The SPDR S&P 500 ETF (NYSEArca:SPY) wasn't the only thing
bringing double-digit returns to investors in the first quarter of
2012. A little investment foray "south of the border" would have
been even better, according to data compiled by IndexUniverse.
Indeed, investors in the iShares MSCI Mexico Investable Market
Index Fund (NYSEArca:EWW) saw a 16.29 percent return in the first
quarter, much of it on the back of the Mexican peso.
At the index level, the MSCI Mexico USD-denominated index was up
15.81 percent, while the MSCI Mexico local index was up only 6.31
percent in the first quarter, another clear sign of how important
currency crosses are to returns in modern globalized investment
Again, that difference in performance of 9.50 percentage points
is attributed to the Mexican peso, which rallied 8.8 percent
against the U.S. dollar over the course of the quarter. The peso's
strength is largely due to the steady hand of Mexico's central
bank, which has kept inflationary pressures at bay, as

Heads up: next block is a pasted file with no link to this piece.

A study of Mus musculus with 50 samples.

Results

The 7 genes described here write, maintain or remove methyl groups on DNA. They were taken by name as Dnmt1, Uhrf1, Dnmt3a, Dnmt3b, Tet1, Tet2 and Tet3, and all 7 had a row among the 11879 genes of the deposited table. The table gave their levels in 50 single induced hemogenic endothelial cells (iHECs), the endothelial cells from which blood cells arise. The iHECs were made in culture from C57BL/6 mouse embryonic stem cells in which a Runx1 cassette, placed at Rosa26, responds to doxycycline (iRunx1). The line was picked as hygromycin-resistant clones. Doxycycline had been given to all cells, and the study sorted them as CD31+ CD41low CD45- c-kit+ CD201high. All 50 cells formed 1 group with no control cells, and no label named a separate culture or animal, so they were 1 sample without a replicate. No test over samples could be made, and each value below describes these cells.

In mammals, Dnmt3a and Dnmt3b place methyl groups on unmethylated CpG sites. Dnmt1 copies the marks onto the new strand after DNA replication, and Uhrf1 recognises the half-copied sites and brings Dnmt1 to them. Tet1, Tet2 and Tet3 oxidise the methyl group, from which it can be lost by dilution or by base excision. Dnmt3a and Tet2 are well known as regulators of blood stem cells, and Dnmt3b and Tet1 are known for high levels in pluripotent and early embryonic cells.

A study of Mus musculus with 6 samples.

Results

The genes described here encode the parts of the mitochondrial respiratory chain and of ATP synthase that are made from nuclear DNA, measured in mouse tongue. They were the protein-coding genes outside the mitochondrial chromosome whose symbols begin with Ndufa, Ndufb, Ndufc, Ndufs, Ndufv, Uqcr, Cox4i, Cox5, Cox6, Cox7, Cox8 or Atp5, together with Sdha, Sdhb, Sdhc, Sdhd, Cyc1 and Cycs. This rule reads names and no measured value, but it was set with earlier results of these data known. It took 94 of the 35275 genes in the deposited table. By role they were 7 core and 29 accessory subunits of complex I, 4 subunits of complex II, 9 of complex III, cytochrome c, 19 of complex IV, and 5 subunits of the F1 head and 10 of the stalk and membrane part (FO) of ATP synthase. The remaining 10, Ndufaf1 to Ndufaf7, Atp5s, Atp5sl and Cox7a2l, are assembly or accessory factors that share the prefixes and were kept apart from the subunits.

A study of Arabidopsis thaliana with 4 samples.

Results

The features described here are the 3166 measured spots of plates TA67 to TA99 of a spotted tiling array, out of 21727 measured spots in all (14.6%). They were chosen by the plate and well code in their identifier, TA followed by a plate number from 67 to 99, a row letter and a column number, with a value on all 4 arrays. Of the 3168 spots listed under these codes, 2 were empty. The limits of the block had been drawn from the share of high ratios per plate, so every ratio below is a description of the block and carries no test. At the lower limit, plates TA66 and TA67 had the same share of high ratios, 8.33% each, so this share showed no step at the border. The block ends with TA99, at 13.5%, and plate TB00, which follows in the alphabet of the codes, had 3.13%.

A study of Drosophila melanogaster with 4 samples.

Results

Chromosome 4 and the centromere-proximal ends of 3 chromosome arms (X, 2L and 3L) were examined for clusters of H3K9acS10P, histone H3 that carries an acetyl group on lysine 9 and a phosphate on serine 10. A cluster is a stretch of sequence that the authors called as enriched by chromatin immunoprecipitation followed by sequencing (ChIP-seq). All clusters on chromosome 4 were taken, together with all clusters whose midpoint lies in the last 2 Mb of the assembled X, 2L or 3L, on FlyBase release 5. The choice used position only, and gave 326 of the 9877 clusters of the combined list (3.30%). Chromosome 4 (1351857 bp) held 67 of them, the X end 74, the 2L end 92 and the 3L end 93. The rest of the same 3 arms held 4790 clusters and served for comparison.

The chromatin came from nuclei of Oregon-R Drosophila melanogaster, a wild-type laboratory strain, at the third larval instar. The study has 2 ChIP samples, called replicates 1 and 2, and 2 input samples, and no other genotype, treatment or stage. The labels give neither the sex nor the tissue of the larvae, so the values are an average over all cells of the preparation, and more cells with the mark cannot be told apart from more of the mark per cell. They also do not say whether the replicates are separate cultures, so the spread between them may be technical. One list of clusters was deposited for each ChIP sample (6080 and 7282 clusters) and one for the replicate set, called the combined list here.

IndexUniverse's Currency Impact Report shows.
Last month, Mexico's central bank directors left the benchmark
interest rate unchanged at a record low of 4.5 percent after
inflation eased to 3.87 percent.
Mexico's relatively tame inflationary outlook also came at a
time when U.S. consumer confidence rose to a one-year high in March
and jobless claims fell to their lowest since February 2008-huge
positives for Mexican exporters that rely heavily on U.S.
Should the U.S. economy begin to slow down, a correction in the
peso will undoubtedly draw back returns for investors in EWW.
Even more concerning is a potential slowdown in China-an
endpoint for much of the raw materials produced in Latin
As of now, manufacturing data from China points to a bullish
peso. New factory orders in China rose to an 11-month high in
March, but analysts say monetary policy easing is still needed to
avoid the hard landing that some still fear.
Other Currency News
Despite the up-down movements of the euro/dollar cross, the euro
has been a wind at the back of U.S. investors over the course of
the first quarter.
For example, U.S. investors in the iShares MSCI Germany Index
Fund (NYSEArca:EWG) saw returns of 21.12 percent, over 3 percentage
points higher than the returns of local investors in Germany. The
move comes after the euro appreciated by nearly 3 percent in the
Unfortunately, the European debt crisis continues to plague the
Still European officials have managed to establish a total
rescue package in the area of $1 trillion-a significant sign that
there's strong political commitment to the eurozone.
More information and data on currency performance is available
in this week's IndexUniverse Currency Impact Report.